SMI Tutorial > CIM and WBEM Basics > CIM





The Common Information Model (CIM) is a hierarchical, object oriented architecture that is used to describe the attributes of managed objects in a enterprise computing environment. For example, CIM can be used to describe the characteristics of a computer system. CIM is also used to depict the relationships between different managed objects. For example, CIM can be used to depict the relationship of disks that are connected to a computer system. CIM consists of a specification and a schema.


The CIM Specification describes an object-oriented meta model. It defines the syntax and rules for describing managed objects in terms of meta schema elements. Using these rules, the CIM Specification defines the following meta schema elements:

  • Class
  • Property
  • Method
  • Qualifier
  • Reference
  • Association
  • Indication
  • Instance

A Class is a template for describing the attributes and behavior of a particular managed object. Classes contain Properties that represent attributes of the managed object. For example, the class CIM_Keyboard describes the attributes of a keyboard. This class contains Properties such as Layout and NumberOfFunctionKeys.

Classes can contain Methods that represent behavior of the managed object. A Client can invoke the Method of a Class to perform a defined function. A Method signature includes a name, return type, optional input parameters and optional output parameters. For example, CIM_Service defines StartService() and StopService() Methods.

CIM is a hierarchical, object oriented architecture. Classes can be derived from another Class. The derived Subclass inherits all of the Properties and Methods of the parent Class. For example, when CIM_ManagedSystemElement is derived from CIM_ManagedElement. it inherits the Caption, Description and ElementName Properties from CIM_ManagedElement.

An Instance represents the instantiation of a Class. Whereas a Class is just a template for describing a managed element, an Instance contains values for the Properties defined in the Class template. For example, when an Instance of CIM_Keyboard is created, the Layout property might have a value of “QWERTY”.

An Association is a specialized Class that is used to represent a relationship between two Classes. For example, the CIM_SystemDevice Class represents the relationship between a CIM_System and a CIM_LogicalDevice. An Assocation Class contains two or more Properties that are References to other Classes. An Association Instance contains References to other Instances. References are a special type of Property that is a pointer to another Class or Instance. Only Associations can contain Reference Properties. Using Associations, a Client can traverse from one Class to another to discover the various components of a system or subsystem. For example, after finding the Instance representing the storage system, using the appropriate Associations, a Client can determine the storage devices that comprise the storage system.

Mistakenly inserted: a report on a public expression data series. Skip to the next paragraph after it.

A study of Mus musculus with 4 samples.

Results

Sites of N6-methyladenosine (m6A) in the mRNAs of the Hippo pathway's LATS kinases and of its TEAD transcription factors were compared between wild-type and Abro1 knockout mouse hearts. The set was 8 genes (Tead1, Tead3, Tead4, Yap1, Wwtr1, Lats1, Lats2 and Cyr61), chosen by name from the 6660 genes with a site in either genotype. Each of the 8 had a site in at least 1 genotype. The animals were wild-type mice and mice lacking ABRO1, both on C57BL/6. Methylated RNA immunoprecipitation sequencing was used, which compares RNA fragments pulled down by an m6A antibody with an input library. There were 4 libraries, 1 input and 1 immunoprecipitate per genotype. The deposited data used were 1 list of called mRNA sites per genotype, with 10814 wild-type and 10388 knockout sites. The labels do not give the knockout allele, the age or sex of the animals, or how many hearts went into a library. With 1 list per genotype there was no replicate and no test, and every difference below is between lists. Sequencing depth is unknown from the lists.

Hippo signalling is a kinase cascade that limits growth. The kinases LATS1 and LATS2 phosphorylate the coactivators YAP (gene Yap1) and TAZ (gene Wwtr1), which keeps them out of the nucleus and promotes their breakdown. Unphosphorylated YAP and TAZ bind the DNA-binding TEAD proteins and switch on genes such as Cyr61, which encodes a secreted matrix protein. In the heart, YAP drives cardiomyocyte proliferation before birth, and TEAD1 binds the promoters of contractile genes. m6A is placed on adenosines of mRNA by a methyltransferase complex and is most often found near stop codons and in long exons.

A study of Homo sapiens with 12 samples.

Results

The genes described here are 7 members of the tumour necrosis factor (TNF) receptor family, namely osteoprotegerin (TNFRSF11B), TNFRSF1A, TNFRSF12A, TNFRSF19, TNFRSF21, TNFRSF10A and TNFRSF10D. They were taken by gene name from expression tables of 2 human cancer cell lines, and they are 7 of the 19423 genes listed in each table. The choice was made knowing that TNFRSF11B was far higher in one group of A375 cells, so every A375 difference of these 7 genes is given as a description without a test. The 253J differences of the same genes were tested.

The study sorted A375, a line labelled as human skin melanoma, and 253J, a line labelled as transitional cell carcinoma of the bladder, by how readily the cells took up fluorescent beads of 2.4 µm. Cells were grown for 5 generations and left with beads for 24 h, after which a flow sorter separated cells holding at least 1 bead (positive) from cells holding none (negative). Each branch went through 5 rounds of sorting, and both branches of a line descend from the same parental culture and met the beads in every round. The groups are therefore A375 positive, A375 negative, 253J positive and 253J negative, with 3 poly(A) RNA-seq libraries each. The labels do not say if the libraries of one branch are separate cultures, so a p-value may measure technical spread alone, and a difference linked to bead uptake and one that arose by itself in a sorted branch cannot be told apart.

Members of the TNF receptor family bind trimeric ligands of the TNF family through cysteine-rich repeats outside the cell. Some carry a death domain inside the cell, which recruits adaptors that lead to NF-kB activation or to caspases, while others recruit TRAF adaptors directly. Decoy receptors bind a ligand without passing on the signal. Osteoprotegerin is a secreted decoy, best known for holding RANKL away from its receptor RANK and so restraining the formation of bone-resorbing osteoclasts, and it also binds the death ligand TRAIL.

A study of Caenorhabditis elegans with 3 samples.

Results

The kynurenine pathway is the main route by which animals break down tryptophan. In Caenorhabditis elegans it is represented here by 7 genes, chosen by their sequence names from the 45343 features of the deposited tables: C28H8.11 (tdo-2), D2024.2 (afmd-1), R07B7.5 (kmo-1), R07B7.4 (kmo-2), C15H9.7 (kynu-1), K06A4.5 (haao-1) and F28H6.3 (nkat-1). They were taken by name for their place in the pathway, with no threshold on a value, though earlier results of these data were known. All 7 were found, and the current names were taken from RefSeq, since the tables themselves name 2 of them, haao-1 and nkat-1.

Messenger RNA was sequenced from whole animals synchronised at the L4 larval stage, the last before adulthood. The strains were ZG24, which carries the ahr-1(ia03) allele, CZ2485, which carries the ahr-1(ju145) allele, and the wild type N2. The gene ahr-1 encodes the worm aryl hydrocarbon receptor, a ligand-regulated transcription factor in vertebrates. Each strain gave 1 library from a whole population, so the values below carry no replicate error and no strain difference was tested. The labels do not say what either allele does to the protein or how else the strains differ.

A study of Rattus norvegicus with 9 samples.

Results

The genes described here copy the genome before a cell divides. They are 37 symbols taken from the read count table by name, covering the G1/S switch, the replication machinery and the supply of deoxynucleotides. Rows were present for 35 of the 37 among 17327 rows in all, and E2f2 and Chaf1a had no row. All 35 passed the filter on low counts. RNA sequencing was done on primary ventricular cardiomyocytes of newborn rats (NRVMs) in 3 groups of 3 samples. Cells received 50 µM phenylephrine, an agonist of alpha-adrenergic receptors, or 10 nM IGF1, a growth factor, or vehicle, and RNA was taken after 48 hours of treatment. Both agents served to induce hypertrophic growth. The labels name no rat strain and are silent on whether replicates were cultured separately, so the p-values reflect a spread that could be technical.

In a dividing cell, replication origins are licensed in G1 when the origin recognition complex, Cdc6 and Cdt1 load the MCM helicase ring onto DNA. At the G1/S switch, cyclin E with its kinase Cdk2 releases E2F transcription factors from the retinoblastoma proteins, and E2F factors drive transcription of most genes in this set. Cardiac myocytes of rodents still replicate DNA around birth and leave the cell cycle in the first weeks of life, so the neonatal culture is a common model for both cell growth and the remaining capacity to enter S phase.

An Indication Class is another specialized Class that is used during Event handling. A Client can subscribe to a WBEM Agent to be notified when a particular event occurs. The Client defines the event it wishes to monitor by specifying a Filter which is a CIM Query Language (CQL) expression. CQL is a subset of the Structured Query Language (SQL). When the particular event occurs, the WBEM Agent delivers an Indication Instance to the Client that is listening for the Indication.

Qualifiers are used to provide additional information about a CIM element (e.g., Class, Property, etc.). The CIM Specification defines many types of Qualifiers. For example, the Description Qualifier below is applied to the Class element named A

[Description(“An example of using the Description Qualifier on a Class element]

class A : B {


The ValueMap Qualifier below is applied to the Property element named intProp whose data type is an unsigned 32-bit integer. The Qualifier specifies that intProp is only permitted to have the integer values of 3, 7 or 0.

class C : B {

[ValueMap(“3”, “7”, “0”)]

uint32 intProp;


Here, the ValueMap Qualifier is applied to the Property named intProp whose data type is an unsigned 32-bit integer. The Qualifier specifies that intProp is only permitted to have the integer values of 3, 7 or 0.

CIM Classes are grouped by a Namespace. A WBEM Agent can have one or more Namespaces. A CIM Instance is identified by an Object Name which is the combination of System Address, Namespace, Class name and a list of Key/Value pairs. An example Object Name is given below:”1”,Key2=”aaa”

The Object Name above can be broken down as follows:

  • System Address:
  • Namespace: interop
  • Class name: Class_A
  • Key/Value pairs:
  • Key1=”1”
  • Key2=”aaa”


A schema is an implementation of the information model that creates a specific data model. The Distributed Management Task Force (DMTF) has defined a CIM Schema data model. The CIM Schema describes the managed objects in its data model in the form of Class definitions that contain the Property and Method definitions as well. Periodically, the DMTF publishes new versions of the CIM Schema. Each version contains new Class definitions as well as corrections or enhancements to existing Class definitions created in previous versions. The SMI-S 1.1.0 is based upon the CIM Schema v2.11.